We learn first by imitation. Later, we look for originality – in ourselves and in others. Thus, to say of someone ‘He’s a master of pastiche’ sounds to me a rather backhanded compliment. I discussed this recently with a friend, following the death of the composer Patrick Gowers. Gowers was best known for his TV music in programmes such as Sherlock Holmes and Smiley’s People. Never a one-track musician, however, he was equally at home with classical music and with jazz; but he’d have liked, I think, to be remembered above all as a composer of sacred music. His cantatas and anthems have been performed and admired in cathedrals across England, and he was in the middle of composing an oratorio for the Three Choirs Festival when (as I learned from his obituaries) he suffered a stroke that left him unable to write any more music at all.
Patrick Gowers loved Bach. ‘If at times,’ said one obituary writer, ‘the music sounded like the work of Bach, that was no accident: Gowers was particularly passionate about the composer’s style, and some of his spiritual works had a Bach-like contrapuntal ingenuity.’ Does that mean his music had elements of pastiche? Technically perhaps yes, but certainly not in the sense of lacking originality. Of course, a composer writing film or TV music may need to evoke period or setting: the opening song from Dad’s Army sounds like an authentic morale-boosting 1940s tune; but it isn’t. It’s a neat 1960s pastiche, sung by the WW2 entertainer, Bud Flanagan, and now it’s impossible to imagine the series without those opening lines, ‘Who do you think you are kidding, Mr Hitler, / If you think old England’s done?’
That music - affectionate and slightly self-mocking – surely works so well because it is a homage to the spirit of an earlier age. I think all good pastiche needs this element of homage, but it also needs two further qualities. First, it needs a sympathetic understanding of what the musicians, artists, writers, even perhaps the architects, of the past were doing and how they were doing it. As for the second: well, art is never created in a vacuum and, paradoxically, artists need to be able to build on their sympathetic understanding of what’s gone to create something genuinely original. When Ezra Pound proclaimed ‘Make it new!” as the battle cry of Modernism, he did not mean, ‘Start from scratch!’ Few writers of the twentieth century valued the past and the literary tradition they had inherited more than Pound or Eliot.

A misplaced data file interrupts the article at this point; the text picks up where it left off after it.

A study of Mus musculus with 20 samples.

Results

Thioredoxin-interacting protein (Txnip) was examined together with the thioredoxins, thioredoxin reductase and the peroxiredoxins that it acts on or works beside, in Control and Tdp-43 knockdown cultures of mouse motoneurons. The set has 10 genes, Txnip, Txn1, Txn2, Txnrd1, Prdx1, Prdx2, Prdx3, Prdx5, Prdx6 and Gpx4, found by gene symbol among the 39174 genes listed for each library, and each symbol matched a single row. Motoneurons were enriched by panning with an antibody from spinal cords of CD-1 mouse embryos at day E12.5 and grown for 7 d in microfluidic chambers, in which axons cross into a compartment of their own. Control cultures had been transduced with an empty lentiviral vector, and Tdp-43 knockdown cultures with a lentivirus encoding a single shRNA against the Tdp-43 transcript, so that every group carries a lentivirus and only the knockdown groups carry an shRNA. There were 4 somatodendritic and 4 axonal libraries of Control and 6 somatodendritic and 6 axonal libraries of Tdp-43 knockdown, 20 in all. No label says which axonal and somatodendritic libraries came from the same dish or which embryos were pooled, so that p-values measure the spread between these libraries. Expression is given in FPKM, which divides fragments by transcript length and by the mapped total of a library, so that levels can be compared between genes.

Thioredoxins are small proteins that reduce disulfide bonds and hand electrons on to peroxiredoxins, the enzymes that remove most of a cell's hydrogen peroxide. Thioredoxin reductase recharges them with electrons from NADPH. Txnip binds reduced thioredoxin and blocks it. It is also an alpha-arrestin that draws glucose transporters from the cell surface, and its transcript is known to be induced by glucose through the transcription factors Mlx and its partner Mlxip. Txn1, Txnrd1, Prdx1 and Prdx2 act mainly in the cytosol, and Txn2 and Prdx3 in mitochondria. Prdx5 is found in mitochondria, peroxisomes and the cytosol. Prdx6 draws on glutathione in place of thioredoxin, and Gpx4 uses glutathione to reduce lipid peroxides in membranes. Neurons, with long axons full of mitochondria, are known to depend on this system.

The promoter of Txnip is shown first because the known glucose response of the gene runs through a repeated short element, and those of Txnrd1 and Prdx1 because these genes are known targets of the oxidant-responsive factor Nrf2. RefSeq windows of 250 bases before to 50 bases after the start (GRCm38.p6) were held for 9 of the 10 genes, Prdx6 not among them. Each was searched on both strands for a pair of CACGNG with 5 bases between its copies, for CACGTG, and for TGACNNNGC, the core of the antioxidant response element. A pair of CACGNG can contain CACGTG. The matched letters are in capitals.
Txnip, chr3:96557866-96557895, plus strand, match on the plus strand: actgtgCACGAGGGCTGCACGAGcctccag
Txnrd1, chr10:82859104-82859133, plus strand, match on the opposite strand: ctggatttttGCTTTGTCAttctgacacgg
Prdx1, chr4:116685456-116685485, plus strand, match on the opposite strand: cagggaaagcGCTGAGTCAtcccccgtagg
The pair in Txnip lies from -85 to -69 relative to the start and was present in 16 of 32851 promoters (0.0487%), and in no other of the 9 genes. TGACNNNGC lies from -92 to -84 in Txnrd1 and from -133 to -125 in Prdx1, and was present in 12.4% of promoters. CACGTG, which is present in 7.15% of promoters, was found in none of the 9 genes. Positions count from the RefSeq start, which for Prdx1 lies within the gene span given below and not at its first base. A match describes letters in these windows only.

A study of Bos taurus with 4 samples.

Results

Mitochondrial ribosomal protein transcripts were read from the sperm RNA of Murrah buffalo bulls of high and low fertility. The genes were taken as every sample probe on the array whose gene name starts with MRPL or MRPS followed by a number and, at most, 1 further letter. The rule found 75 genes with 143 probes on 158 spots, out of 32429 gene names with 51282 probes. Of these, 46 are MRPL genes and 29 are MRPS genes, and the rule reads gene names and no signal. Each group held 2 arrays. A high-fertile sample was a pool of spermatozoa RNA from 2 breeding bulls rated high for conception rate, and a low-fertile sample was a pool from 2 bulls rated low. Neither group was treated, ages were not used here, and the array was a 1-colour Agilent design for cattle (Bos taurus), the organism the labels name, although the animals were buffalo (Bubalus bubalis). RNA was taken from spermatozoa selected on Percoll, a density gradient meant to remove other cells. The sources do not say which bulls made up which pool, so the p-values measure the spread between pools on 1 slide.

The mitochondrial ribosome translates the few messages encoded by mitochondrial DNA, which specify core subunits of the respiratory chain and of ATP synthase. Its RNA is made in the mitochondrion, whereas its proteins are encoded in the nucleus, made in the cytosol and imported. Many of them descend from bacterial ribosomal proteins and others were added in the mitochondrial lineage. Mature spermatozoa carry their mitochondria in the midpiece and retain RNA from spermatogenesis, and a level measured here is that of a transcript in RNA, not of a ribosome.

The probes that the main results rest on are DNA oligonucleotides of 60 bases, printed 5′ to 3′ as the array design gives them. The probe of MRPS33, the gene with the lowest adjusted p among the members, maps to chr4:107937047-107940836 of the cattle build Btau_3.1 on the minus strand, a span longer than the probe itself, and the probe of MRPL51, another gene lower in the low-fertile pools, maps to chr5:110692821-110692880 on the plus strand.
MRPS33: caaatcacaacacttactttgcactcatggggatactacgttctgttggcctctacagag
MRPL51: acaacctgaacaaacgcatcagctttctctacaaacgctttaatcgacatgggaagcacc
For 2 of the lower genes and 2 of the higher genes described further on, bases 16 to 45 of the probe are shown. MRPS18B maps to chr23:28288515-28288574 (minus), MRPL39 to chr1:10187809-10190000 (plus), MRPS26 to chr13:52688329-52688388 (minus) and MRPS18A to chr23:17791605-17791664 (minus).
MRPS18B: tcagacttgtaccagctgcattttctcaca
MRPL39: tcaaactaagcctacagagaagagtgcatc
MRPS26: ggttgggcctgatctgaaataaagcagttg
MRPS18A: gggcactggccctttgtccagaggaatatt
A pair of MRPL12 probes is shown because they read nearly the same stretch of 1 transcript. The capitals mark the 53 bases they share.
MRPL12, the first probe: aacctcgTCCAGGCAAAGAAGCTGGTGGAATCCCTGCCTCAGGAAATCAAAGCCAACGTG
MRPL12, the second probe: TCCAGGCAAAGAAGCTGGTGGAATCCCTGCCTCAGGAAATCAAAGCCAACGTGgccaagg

So what does pastiche really mean? Is it still useful as a descriptive, if not an evaluative, term? The word itself derives, according to Chambers, from the Italian pasticcio, a pasty or pie with a variety of ingredients. This sounds appealing, but the dictionary’s definition – a musical, artistic or literary work in someone else’s style, or in a mixture of styles – still makes me uncomfortable. I can’t quite overcome the prejudice that to label the work of an artist, composer or writer as pastiche is, by implication, to belittle their work as lacking originality. But it was not ever thus: my Shorter Oxford Dictionary – trusty, but elderly now: it was a 21st birthday present – only admits the word pastiche as meaning in general ‘a medley, a hotchpotch, farrago or jumble’, though it does go on to be more specific, allowing (a) ‘a musical composition made up of pieces from different sources’ or (b) ‘a picture or design made up of fragments pieced together’.
It’s curious that this OED definition makes no mention of literary pastiche; but change the word ‘picture’ for ‘poem’, and you have a good definition of T.S. Eliot’s poem, The Waste Land: ‘These fragments I have shored against my ruins’. And within the poem itself there is fragment and imitation at the same time:
When lovely woman stoops to folly and
Paces about her room again, alone,
She smooths her hair with automatic hand,
And puts a record on the gramophone. (ll.253-6)
You need to know what Eliot is echoing here (the song from Oliver Goldsmith’s The Vicar of Wakefield) to decide whether it’s a fully-fledged pastiche. Olivia’s song in Goldsmith’s novel leads to a question:
When lovely woman stoops to folly,
And finds too late that men betray,
What charm can soothe her melancholy,
What art can wash her guilt away?
Re-reading this quatrain, it becomes clear that Eliot’s lines – a sardonic commentary by Tiresias on the seduction of the typist by the ‘young man carbuncular’ – offer an ironic answer to Olivia’s question. So, here the effect of the pastiche goes well beyond the pleasure of recognition. What Tiresias says may answer one question, but it also requires us to interrogate our own response to the post war desolation at the poem’s heart. And that, I think, is the test of good pastiche: it must have a purpose beyond simple imitation.
Imitation for imitation’s sake is just a witty exercise. Imitation for a serious purpose, however, is the basis of both homage and artistry. Think of Hamlet and the First Player between them sharing an extended monologue on the death of Priam: it’s a bravura Shakespearean pastiche of Dido, Queen of Carthage, a play by Marlowe and Nashe. But it’s not just one playwright nodding to another. In this scene, which reduces the First Player to tears even as he speaks the lines, Shakespeare demonstrates how art can ‘amaze / Indeed the very faculties of eyes and ears’. In the context of Hamlet, this passage of pastiche becomes one of the most serious, and moving, sections of the whole play. After it, Hamlet has no doubt of the power of art to reveal truth; and, in the next act, the play-within-a-play, The Mousetrap, does truly ‘catch the conscience of the king’. Shakespeare offers here a masterclass in what pastiche can achieve: and for that I’d gladly call him ‘a master of pastiche’ – and mean it, as a genuine compliment.